The Coalition government has put major infrastructure projects at the centre of a new deregulation agenda amid calls to bring forward spending on road, port and rail projects to boost economic growth.
Streamlining state and federal approval and licence regimes for major infrastructure projects — along with tearing up rules that inhibit the nation’s food manufactures, and making it easier for sole traders to hire — would be the focus of the Morrison government’s new deregulation “taskforce”.
Deregulation Minister Ben Morton has used a speech in Canberra to launch the latest wave in the Coalition’s deregulation agenda. “We want to unleash the animal spirits, which excessive regulation is currently impeding,” he said.
Mr Morton said the taskforce would conduct “deep dives into priority areas … on a rolling basis”, prioritising infrastructure, small business and food exporters in the first wave of proposals.
He said the government had a “solid track record of delivering red-tape savings”. “Between September 2013 and December 2016, the Coalition’s ‘Cutting Red Tape’ initiative resulted in $5.8 billion reported as red-tape savings,” he said.
Sluggish growth and declining investment have fuelled calls, including from the Reserve Bank governor and Master Builders Association, for more and earlier infrastructure spending.
On the verge of the first federal budget surplus in more than a decade, the government has resisted, pointing to $100bn over 10 years from this year in transport infrastructure.
“Employing someone can be daunting, with many steps, including fulfilling legal obligations, salary, tax and superannuation and workers’ compensation obligations. The government is committed to helping sole-traders and microbusinesses spend more time growing their business and less time navigating bureaucracy,” Mr Morton said.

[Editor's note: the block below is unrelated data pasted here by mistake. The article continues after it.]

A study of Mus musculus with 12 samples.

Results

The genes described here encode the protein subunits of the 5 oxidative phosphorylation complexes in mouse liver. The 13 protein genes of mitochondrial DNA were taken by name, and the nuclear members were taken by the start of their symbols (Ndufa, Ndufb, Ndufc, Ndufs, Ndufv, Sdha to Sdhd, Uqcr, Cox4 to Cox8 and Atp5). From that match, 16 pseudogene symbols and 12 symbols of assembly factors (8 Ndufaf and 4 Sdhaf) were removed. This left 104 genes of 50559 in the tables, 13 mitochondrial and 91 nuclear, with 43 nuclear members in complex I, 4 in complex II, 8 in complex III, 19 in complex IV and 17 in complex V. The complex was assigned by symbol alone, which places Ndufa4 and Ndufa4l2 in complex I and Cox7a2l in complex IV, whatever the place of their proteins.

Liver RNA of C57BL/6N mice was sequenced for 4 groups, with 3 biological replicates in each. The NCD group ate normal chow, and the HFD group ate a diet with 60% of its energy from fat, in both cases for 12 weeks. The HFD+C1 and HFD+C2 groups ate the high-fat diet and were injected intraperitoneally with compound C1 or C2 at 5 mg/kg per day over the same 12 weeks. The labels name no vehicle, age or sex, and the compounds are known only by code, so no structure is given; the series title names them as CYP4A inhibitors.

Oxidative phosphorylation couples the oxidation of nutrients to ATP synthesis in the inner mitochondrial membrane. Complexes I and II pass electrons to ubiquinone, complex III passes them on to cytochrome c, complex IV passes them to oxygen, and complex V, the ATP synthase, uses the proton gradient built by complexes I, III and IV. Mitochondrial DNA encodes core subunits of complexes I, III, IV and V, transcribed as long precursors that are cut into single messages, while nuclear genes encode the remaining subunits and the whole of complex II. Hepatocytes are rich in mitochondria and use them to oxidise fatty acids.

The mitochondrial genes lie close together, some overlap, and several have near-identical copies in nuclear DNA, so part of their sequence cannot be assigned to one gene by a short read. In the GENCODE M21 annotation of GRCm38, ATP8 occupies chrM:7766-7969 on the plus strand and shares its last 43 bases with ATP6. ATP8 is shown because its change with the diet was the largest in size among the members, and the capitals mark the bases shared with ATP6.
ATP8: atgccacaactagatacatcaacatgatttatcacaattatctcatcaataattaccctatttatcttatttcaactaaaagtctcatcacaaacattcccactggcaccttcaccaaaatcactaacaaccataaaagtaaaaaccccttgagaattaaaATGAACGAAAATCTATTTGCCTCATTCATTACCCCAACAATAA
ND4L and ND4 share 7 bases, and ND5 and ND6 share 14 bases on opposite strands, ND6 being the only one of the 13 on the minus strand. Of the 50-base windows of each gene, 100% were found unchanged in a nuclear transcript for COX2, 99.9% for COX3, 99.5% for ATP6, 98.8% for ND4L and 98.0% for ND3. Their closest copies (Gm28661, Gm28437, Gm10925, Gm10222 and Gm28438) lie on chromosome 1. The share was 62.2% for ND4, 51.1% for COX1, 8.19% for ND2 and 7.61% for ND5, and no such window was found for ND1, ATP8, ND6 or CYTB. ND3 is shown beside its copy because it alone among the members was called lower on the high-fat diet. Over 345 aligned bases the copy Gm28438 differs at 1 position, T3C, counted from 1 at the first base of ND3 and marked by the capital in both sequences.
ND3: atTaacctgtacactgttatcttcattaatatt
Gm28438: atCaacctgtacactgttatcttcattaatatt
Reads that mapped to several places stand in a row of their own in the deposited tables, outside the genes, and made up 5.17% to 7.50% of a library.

The taskforce will focus on infrastructure projects that have national or state significance due to their size, economic value or other potential benefits.
“Such projects are planned, or under way, in every state and territory and have the potential to create many thousands of jobs during construction and contribute to long-term improvements in productivity and economic growth for the benefit of all Australians,” Mr Morton said.
Governments have dramatically accelerated spending on infrastructure, commencing more than $123bn of work since 2015, with a committed forward pipeline of more than $200bn, according to government figures.
The announcement also follows the release of research by the Institute of Public Affairs showing the number of restrictions in federal laws and regulations had increased almost 50-fold since 1975.
“The number of regulatory restrictions in laws and regulations — instances of ‘shall’, ‘must’, ‘may not’, ‘should’, ‘required’, and ‘prohibited’ — has leapt from 2000 in the late 1970s to 95,000 in 2015,” the IPA said in August, on the basis of joint research conducted with the US-based Mercatus Centre.
Mr Morton said the taskforce would “also investigate opportunities to adopt technological … solutions which make it easier for businesses to cost-effectively navigate and comply with regulatory requirements”.